After one Cincinnati Councilman, P.G Sittenfeld, brought his new puppy – named Oakley – to a meeting held outdoors at City Hall, it got two new Council members thinking. Wouldn't it be nice to add City Hall to the already growing list of businesses that have allowed employees to bring their pooch to work with them each day?
Chris Seelbach and Amy Murray are so enthusiastic about this idea that they have collected enough signatures to back a motion asking city administrators to draft a dog-friendly policy for the good folks working at City Hall in Cincinnati. The Council's Rules and Audit Committee then sent this draft further up the administrative ladder
The Committee Chairman, Kevin Flynn, is also eager to have this draft become an actual policy and is hoping it won't come back as “impossible.” Other places in Cincinnati have already adopted the pooches-allowed philosophy, because they know the benefits it brings to their employees.
Seelbach reasons that since other companies are doing this that City Hall should also be onboard. After all, people who are relaxed are less stressed and more productive at their jobs. Don't the citizens of Cincinnati deserve to have the best out of the people serving them in office?
Although, having a dog at work is an awesome experience for those dedicated pet parents, there is the other side of the coin that may have a “bone to pick” with this new workplace policy. According to studies done by the Asthma and Allergy Foundation of America, 15% to 30% of the total population suffer from allergies. These allergies can be mild to severe and can even include rashes, temporary breathlessness, panic attacks and severe respiratory disorders.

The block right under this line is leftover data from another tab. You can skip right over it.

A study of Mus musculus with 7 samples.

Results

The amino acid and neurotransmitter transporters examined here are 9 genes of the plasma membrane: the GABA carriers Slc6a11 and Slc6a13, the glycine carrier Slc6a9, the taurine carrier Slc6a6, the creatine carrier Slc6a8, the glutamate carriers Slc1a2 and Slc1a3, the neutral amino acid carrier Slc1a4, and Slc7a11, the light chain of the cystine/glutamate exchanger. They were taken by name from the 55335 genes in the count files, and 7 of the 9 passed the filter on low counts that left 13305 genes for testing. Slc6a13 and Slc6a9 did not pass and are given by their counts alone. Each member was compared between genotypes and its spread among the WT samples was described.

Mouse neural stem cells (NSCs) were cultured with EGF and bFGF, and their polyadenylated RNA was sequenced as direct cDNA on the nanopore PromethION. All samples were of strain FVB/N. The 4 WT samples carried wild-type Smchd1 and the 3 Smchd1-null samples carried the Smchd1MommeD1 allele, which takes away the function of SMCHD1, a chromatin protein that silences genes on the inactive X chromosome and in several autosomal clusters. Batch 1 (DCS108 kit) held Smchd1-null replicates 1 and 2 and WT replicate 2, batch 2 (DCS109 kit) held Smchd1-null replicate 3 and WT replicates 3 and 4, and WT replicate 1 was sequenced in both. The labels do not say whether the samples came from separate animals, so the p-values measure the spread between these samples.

For these people having any number of canines running around could spell a less productive workplace and more sick time being booked.
In addition, there are people out there (though, I can't imagine) that are afraid of animals. For these employees, having pets in the workplace would create fear, stress and anxiety.
Dogs can also be unpredictable, after all they are still animals which can bolt, jump on people or make a mess in the office. This could lead to multiple and costly damages occurring. Plus, not all places are designed to be pet-friendly. Medical facilities, restaurants and laboratories are just a few areas where the presence of even one pooch would not be welcomed or even tolerated.
Before a business owner makes the decision to go dog-friendly, they must take in all aspects of their business and the people that work or visit their establishment. The last thing any employer wants to deal with is a lengthy and expensive lawsuit.